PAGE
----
Apple has been rumored to be working on the "Apple Car" for a number of years, with its development since 2014 resulting in many different rumors about the vehicle. In new speculation about the car, analyst Arndt Ellinghorst from Bernstein thinks it could be a big deal for existing car manufacturers to compete against.
"That's why I think it's one of the biggest scares for traditional automakers out there," said Ellinghorst, specifically referring to the premium market. "They would be much more scared by an Apple than by a Rivian or a Lucid or a Fisker, or even by a Nio."
Rivals have already passed comment on Apple's automotive ambitions, suggesting they aren't worried at all. Lucid Motors welcomed the competition, while BMW's CFO claimed he sleeps "very peacefully" despite the Apple threat.
In terms of when to expect the vehicle, Bernstein estimates a launch won't happen before 2024 or 2025, and potentially won't happen at all until 2028. However, despite working on it for seven years already, the firm still isn't "convinced" Apple will actually proceed with the project as-is.
"Apple has a very high bar for introducing new products, and has abandoned new offerings in the past very late in development," said analyst Toni Sacconaghi. "I spoke with a senior engineer at Apple who said Eighty percent of what I work on never sees the light of day.'"
While research and development has been ongoing, the firm believes Apple lacks a "unique driving range" that it can bring to the market, to take advantage of the car's rumored all-electric nature.
The analysts cite patents on battery cell technology as evidence there is no major breakthrough on the horizon. It is also allegedly too late for Apple to form an exclusive partnership with a cell supplier using new chemistry.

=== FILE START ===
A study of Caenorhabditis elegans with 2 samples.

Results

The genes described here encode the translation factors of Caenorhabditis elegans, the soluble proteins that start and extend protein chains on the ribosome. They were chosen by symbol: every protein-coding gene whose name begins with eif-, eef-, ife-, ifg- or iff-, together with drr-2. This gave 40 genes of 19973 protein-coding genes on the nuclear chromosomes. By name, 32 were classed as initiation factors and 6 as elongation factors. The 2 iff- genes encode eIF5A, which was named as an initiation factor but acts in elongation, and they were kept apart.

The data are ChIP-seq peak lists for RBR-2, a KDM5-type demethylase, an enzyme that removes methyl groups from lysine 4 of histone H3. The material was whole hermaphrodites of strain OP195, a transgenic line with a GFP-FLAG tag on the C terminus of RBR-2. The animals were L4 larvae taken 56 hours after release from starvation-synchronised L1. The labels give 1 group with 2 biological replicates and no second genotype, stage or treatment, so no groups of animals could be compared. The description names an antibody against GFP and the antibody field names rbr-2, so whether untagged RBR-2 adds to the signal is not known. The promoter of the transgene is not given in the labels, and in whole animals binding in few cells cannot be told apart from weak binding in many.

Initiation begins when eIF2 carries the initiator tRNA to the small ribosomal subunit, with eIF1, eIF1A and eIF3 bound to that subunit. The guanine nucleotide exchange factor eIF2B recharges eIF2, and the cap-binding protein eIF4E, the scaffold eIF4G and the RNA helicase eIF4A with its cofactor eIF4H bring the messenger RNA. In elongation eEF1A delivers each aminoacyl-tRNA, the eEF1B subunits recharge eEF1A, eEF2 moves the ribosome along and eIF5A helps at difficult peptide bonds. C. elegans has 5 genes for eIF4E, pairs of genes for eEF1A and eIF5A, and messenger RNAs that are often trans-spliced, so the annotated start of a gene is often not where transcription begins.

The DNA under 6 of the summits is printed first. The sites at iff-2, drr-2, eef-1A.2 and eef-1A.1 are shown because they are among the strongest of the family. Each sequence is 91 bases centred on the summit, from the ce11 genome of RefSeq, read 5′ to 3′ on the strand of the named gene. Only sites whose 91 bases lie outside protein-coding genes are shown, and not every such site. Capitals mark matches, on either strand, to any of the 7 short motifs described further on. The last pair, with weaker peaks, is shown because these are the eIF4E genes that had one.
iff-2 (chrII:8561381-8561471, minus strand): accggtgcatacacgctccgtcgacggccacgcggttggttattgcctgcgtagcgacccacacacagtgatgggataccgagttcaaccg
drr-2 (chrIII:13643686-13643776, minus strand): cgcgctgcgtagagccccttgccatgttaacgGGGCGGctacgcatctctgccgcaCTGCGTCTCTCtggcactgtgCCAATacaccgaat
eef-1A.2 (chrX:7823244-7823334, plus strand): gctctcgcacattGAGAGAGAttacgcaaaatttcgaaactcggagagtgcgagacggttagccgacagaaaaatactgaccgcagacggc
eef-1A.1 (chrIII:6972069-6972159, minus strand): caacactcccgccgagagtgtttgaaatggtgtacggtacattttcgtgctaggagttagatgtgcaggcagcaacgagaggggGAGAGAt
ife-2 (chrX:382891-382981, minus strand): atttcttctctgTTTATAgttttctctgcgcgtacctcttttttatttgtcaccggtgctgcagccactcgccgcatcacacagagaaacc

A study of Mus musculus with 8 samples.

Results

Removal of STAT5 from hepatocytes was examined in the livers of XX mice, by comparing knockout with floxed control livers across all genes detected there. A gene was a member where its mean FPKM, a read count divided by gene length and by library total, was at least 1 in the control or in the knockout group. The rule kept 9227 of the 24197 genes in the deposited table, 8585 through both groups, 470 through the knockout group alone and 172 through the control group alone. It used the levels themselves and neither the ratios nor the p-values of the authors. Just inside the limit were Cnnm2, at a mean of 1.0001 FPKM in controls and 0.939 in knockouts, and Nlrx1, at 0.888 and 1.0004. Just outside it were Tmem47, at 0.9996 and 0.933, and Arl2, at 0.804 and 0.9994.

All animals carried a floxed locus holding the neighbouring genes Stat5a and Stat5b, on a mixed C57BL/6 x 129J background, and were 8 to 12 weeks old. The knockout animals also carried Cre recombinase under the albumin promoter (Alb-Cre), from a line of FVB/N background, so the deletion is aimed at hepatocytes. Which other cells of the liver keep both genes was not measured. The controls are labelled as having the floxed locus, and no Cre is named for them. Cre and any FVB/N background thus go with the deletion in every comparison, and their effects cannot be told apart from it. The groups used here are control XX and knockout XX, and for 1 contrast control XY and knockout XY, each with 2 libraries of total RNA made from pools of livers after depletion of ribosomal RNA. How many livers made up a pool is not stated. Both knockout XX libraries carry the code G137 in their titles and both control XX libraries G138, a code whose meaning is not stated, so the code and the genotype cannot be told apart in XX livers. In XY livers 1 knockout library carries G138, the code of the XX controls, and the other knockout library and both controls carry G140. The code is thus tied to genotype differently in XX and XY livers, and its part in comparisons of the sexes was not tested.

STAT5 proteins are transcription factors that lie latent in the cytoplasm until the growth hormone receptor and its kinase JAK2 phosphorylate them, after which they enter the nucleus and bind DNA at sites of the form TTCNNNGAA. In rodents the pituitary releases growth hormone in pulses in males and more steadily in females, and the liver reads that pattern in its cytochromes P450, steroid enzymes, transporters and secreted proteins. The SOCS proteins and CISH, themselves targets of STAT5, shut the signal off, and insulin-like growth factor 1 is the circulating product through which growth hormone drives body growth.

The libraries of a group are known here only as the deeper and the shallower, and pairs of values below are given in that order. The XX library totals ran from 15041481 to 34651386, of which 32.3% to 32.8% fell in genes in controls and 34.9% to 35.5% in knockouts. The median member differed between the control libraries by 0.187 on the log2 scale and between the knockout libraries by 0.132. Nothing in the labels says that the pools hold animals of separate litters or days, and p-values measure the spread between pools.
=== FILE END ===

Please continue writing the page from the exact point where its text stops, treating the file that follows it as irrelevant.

The integration with the Apple ecosystem effectively becomes the "distinctive value proposition for the car," adds Sacconaghi. "The question will ultimately be: Is that distinctive enough for Apple to launch the car?"
Apple's efforts to find a manufacturing partner, such as its discussions with Hyundai, will be a key factor for Apple's success. While distribution isn't considered a problem, with Apple able to leverage its 500-outlet network of Apple Stores, manufacturing will be a bigger issue.
"It would need to be someone with manufacturing capabilities in the U.S., China, and Europe because cars are not easy to ship around," said Ellinghorst. There would have to be "no or very few conflicts of brand equity and segment positioning," which Bernstein suggests would require a major producer.
Apple's desire to control the ecosystem could be a stumbling block, which could make such a major partnership "highly unlikely."
If it does eventually sell a vehicle, it stands to do well. With its brand power, Bernstein feels Apple could reach 1.5 million cars sold per year by 2030, depending on when the line launches.